Actors and musicians often use their celebrity to draw attention to political or social causes.
Rarely, though, do they relish the nitty-gritty the way former Nirvana bassist Krist Novoselic does.
A founding member of one of the most influential bands in history, Novoselic also has influenced politics in his rural community in Washington state. The one-time Democratic Party chairman for Wahkiakum County (population 4,000), Novoselic can speak with authority on such topics as unassembled caucuses and the intricacies of Prop. 14, the voter-approved but legally challenged call for a "top-two" California primary.
"I am interested in rules and procedures," Novoselic said of his wonky inclinations. "I know all the party rules and bylaws. I just have a knack for it."
Now 45, the 6-foot-7 Novoselic is no longer the same goofy guy who got conked on the head during a 1992 MTV performance by the bass guitar he had just thrown in the air. Yet he retains a youthful, unfettered quality, bringing great sincerity and enthusiasm to a phone interview in which he discussed his sense of civic responsibility.
Novoselic left his county Democratic post ("They weren't really interested in any kind of innovations") and went independent early this year. But he still chairs FairVote, a national nonprofit devoted to election reform and increased voter turnout.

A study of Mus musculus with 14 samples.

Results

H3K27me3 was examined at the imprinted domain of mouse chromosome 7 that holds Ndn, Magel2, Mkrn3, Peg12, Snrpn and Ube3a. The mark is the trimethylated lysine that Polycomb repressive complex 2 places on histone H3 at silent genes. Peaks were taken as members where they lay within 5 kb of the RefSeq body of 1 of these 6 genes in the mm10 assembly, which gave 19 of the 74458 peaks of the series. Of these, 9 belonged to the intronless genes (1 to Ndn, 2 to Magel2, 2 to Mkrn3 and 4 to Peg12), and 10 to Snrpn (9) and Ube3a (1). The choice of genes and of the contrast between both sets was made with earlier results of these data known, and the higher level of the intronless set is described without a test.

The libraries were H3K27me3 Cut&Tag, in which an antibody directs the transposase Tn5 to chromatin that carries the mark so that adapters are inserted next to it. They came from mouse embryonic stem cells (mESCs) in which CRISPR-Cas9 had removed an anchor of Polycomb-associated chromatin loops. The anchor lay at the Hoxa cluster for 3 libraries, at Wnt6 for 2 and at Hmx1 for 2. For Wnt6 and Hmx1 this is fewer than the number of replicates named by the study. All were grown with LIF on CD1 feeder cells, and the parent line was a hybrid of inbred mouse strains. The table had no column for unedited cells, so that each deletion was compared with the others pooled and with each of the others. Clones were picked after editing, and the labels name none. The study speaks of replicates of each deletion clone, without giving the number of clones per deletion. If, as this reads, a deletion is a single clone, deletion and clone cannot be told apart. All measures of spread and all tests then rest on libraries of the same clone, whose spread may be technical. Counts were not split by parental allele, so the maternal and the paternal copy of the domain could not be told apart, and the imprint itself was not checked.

More generally, Novoselic is interested in the First Amendment idea of freedom of association, and how social networking fuels association. He will address those topics during a free lecture this evening at California State University, Sacramento.
"I have been associating ever since my late teens and early 20s, with punk rock," Novoselic said. "People come together when they need something, or they share the same values."
He kept up with politics while in Nirvana. "We read the newspapers, and were aware," Novoselic said. "I have voted in every election since I was 18."
But he did not become proactive until after Nirvana ended following Kurt Cobain's April 1994 suicide.